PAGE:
From a Greater Europe to a Greater Asia?

By Dmitri Trenin Source:Global Times Published: 2015-2-26 18:53:01

A year ago, Russia's foreign policy universe changed dramatically. After the overthrow in February 2014 of then Ukraine president Viktor Yanukovych and the arrival of nationalist and pro-Western forces in power in Kiev, the Ukrainian crisis led to Russia's confrontation with the US and its estrangement from Europe. By contrast, Moscow's relations with Beijing have grown visibly closer since then, going way beyond the "marriage of convenience" model that some scholars once devised to describe them. If the current situation persists, the Sino-Russian entente may become a more salient feature of international relations.

China and Russia, of course, will not establish a military alliance. There is no need for that now in the form of a common military threat, and a peacetime alliance between Moscow and Beijing on a NATO model would be unworkable in the absence of a clear hegemon commanding unquestionable loyalty and committed to protecting its junior partner. At this point, neither government is considering an alliance-type relationship, and only small minorities in each country's elites are even willing to discuss it. The broader publics are totally unmoved by such a prospect.

The two countries, however, are cooperating more closely than before. In May, Chinese President Xi Jinping will review the military parade in Red Square to mark the 70th anniversary of victory over Nazi Germany. In September, Russian President Vladimir Putin will return the compliment by visiting Beijing to celebrate the anniversary of the end of the WWII, to which the former Soviet Union substantially contributed.

10 years after the Russian forces and the PLA began exercising together, this year they are taking the show of Sino-Russian defense cooperation to a new theater: the Mediterranean. This step can presage more intimate coordination of Russia's and China's policies in the Middle East. There are also some indications that Moscow may agree to transfer more sophisticated military technology to Beijing.

There has been a lot of skepticism, not only in the West, but in China and Russia as well, about the recent gas deals between Gazprom and CNPC. Some key details are still unknown to the wider public, and all sorts of doubts about the future persist. However, with Russian gas reaching China for the first time in a few years, and Chinese companies finally getting access to Russian hydrocarbon resources, the energy relationship between the two countries is on the way to becoming an energy partnership. Russia will not dominate the Chinese natural gas market the way it has dominated Europe's, but the geoeconomic importance of opening the Chinese market to Russia can be compared to the arrival of Russian gas in Western Europe in the 1970s.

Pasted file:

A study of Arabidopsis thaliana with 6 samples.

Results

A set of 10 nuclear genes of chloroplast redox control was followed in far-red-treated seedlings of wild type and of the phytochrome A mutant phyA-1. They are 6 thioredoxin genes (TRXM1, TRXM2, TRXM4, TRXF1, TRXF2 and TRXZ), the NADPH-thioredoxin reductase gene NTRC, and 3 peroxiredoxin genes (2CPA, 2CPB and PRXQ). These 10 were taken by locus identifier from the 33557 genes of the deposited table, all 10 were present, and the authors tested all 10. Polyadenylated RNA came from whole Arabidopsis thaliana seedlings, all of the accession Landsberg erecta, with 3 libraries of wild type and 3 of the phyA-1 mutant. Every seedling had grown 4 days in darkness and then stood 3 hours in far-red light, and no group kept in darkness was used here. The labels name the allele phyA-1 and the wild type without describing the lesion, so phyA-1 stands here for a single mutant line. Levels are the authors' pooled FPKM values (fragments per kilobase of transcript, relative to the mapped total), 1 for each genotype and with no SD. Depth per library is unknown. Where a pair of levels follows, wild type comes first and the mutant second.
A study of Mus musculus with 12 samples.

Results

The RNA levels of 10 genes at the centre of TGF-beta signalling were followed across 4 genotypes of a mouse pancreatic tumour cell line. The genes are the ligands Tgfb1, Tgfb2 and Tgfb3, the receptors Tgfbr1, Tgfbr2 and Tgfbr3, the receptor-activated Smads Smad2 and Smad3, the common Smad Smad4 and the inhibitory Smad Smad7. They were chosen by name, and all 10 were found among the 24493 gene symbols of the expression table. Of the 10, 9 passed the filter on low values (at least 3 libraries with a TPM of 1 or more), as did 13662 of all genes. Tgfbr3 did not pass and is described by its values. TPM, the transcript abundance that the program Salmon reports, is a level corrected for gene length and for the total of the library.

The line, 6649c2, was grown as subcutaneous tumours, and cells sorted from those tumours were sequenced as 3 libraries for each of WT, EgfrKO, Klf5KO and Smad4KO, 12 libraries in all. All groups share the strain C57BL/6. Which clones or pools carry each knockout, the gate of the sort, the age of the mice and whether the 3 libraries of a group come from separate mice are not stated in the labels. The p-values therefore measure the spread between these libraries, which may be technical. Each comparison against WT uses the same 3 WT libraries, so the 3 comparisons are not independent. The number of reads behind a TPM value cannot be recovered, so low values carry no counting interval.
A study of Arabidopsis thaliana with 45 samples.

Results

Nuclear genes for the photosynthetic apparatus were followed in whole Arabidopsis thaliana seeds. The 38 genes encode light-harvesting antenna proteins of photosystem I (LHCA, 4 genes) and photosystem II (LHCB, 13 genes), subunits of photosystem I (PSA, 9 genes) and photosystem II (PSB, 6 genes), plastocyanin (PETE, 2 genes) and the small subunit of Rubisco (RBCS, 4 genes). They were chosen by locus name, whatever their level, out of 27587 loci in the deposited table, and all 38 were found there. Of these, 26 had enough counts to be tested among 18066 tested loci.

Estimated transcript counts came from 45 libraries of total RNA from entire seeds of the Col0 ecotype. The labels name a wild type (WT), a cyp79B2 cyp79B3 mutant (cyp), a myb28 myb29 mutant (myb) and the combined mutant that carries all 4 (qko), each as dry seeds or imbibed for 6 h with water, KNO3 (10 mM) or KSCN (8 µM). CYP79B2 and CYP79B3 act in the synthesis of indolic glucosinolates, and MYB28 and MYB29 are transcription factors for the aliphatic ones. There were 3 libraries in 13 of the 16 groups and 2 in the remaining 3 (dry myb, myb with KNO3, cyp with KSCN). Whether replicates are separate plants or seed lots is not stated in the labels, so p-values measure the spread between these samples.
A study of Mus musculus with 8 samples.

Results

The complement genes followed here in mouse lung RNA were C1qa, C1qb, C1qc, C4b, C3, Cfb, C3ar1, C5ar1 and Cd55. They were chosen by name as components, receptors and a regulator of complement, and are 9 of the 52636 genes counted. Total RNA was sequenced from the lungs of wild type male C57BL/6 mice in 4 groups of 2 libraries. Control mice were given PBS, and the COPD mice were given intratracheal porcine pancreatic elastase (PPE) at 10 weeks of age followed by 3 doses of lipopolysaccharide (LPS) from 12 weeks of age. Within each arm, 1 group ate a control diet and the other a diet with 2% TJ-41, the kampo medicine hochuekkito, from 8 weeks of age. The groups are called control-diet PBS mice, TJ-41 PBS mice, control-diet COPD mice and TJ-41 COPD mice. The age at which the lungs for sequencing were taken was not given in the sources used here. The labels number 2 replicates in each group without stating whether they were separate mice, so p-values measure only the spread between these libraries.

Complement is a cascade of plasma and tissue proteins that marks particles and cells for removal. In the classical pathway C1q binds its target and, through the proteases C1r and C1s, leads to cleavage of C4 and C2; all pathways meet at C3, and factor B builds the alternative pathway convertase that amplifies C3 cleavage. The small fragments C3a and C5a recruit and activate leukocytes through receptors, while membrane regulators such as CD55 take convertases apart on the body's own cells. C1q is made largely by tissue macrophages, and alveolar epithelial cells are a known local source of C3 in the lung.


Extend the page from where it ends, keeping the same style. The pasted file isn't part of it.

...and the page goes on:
Similarly, there is much speculation about Sino-Russian competition in Central Asia. The inauguration of the Eurasian Economic Union this year has coincided with the announcement of the Chinese plans for the Silk Road economic belt area. Since the end of the Soviet Union, Moscow's influence in Central Asia has waned, while Beijing's has soared. Yet, it is more likely that the future will bring some kind of an economic interaction between the Russian efforts and the Chinese plans in Central Asia than some kind of geopolitical rivalry along the lines of what is happening in Ukraine. Russia itself may buy into China-proposed infrastructure projects, connecting East Asia to Europe across Eurasia.

The rupture in EU-Russian ties makes the failure of Putin's pet project of a Greater Europe from Lisbon to Vladivostok very probable. The alternative is clear to see: a Greater Asia, from Shanghai to St. Petersburg. This may vnot be what many Russians have expected, or would prefer. Yet, this may be the reality that will transform the entire continent of Eurasia, elevate China still more, and give Russia a very different role from the one it traditionally imagined. If that happens, and a continental Asia will emerge as a loose unit, with the Shanghai Cooperation Organization as its political, economic and security forum, this will also impact the global balance of power. The process of change has already started.

The author is director of the Carnegie Moscow Center.